Editor’s note: In two previous columns, Rebecca Hagelin detailed the vulnerability of America’s railway systems to terrorist attack. Today, she explores what is needed to protect government agents who go public with crucial information on national security and government corruption. Darlene Catalan, former U.S. Customs agent turned whistleblower, provides a detailed account of how rampant corruption in the U.S. Customs department has made America vulnerable to terrorism in her book “U.S. Customs, Badge of Dishonor.” WND is pleased to exclusively offer autographed copies of this important work by a courageous former federal agent.
A crucial question of national security is waiting to be answered by the U.S. Congress in 2002: Should U.S. Customs, CIA, FBI and other federal agents be protected from retaliation by management if they dare report failures in our system which leave us vulnerable to terrorism?
One would think so, hope so, expect so. Sounds like a no-brainer – especially since so many Americans lost their lives to terrorism on Sept. 11. Yet, believe it or not, when a brave, gutsy on-the-ground hard-working government agent exposes government waste, fraud, abuse, corruption or weaknesses in security, there is nothing in place to protect them from professional revenge by their bosses.
It’s time for that to change – America’s safety depends on the ability of government employees to speak the truth.
Darlene Catalan, a former Special Agent for the Office of U.S. Customs, recently submitted written testimony to the U.S. Senate in support of S. 995, also known as the “Whistleblower Protection Act.” She gave a chilling account of how she suffered professional retaliation when she blew the whistle on government corruption as it related to inspection of railroad tank cars which enter the U.S. by the thousands every day.
Ms. Catalan has reason to believe the U.S. railway system is ripe for use by terrorists to commit deadly deeds throughout the nation – all because of a porous border which allows trains to enter from both Mexico and Canada virtually unchecked. Catalan resigned from the U.S. Customs Service in 1999 “after having been subjected to retaliation, intimidation, threats and harassment on an enormous scale” which came as a result of her being a whistleblower to corruption she previously identified within the agency.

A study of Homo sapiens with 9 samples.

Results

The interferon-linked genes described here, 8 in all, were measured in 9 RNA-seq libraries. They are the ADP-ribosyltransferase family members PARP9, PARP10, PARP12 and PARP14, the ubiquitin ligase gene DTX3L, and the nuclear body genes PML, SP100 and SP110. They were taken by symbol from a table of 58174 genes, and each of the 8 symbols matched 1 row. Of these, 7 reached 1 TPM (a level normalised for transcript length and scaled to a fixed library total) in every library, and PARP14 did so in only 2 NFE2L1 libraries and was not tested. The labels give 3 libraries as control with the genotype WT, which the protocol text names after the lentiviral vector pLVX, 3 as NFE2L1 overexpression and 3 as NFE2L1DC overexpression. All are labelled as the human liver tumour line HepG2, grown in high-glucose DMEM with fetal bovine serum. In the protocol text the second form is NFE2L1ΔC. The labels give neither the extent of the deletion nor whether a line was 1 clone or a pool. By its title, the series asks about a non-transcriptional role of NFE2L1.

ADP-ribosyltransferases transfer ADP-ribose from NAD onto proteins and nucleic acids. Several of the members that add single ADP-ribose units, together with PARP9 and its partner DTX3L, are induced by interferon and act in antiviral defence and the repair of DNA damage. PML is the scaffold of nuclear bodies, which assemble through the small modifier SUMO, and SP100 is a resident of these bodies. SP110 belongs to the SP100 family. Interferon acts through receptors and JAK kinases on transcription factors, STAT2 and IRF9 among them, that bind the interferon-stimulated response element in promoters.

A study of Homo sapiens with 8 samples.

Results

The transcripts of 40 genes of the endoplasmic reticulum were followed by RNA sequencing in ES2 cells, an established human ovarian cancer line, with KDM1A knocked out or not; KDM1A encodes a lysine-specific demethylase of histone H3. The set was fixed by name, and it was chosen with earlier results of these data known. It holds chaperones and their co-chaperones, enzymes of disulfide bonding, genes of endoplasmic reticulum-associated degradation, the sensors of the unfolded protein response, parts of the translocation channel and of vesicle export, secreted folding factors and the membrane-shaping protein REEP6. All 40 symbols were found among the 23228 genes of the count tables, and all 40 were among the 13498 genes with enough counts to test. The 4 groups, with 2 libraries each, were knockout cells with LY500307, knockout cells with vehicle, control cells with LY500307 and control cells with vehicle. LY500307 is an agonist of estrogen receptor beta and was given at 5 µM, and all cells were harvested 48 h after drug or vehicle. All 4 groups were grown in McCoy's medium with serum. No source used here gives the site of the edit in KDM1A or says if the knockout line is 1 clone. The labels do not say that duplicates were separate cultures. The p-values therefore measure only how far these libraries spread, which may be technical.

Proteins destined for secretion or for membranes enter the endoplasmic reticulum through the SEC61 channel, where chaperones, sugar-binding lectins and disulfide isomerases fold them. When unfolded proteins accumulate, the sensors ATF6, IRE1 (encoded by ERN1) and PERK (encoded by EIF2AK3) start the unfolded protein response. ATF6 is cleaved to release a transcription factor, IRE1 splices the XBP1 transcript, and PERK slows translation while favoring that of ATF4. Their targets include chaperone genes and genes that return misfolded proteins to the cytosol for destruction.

The shameful story of attempts by our government to silence Ms Catalan can be read in her new book, “U.S. Customs: Badge of Dishonor.” Catalan provides a gripping expose on how the “good ole boy” network runs the U.S. Customs Department and how management is composed of politicians – “yes” people and cronyism – resulting in the U.S. borders being little more than lines drawn on a map.
According to Doug Hartnett of the Government Accountability Project, Ms. Catalan’s story is not uncommon. There are currently government workers from many federal agencies who have vital information on issues of national security, but fear retaliation if they tell. “Since 9-11, GAP has had a steady increase in the number of government agents who want to expose serious issues of national security; however, these dedicated agents and workers are offered no protection from their bosses and management. History has shown us, through Catalan’s case and others like it, that if you dare to make disclosures, you can be demoted, transferred, denied promotion and have vital investigations shut down.”
Examples of vulnerabilities reported to the non-profit GAP include security lapses at our nuclear power plants and weapons facilities. Hello? Is anybody listening?
In this time when America is still reeling from the largest terrorist act in U.S. history – and on our own soil – it is crucial that we hear from the honest, hard-working agents on the ground who know what’s going on in the bureaucracy they work under. Hartnett says, “The people on the front lines have the best information – if we can’t protect them from speaking out, they will be forced to serve the bureaucratic institutional interests instead of serving the public.”
Catalan and Hartnett join Gary Aldrich of the Patrick Henry Center, another non-profit agency aimed at protecting government whistleblowers, in a common understanding: The honest agent-on-the ground – those who become whistleblowers – are committed to this country. The great irony is that they blow the whistle on corruption and weaknesses in the system because they love America. Yet, they are the ones who have to pay dearly for our freedom.
“The Whistleblower Protection Act” has bi-partisan support in both the House and the Senate. Although Congress has twice passed similar protections, the federal Court of Appeals has frustrated the intention of those protections, resulting in whistleblower rights now existing only on paper. The law must be updated to provide real protection for public servants. If you believe it’s time to put an end to the good ole boy network that covers-up corruption in government, let your elected officials know. Also, take the time to let Congressman Dan Burton, (202) 225-2272, and Congressman Dave Weldon, (202) 225-3671, on the “Government Reform Committee” hear from you.
As Hartnett puts it, “Without Whistleblower protection for federal government employees, we will not know of our national vulnerabilities until they become national tragedies.”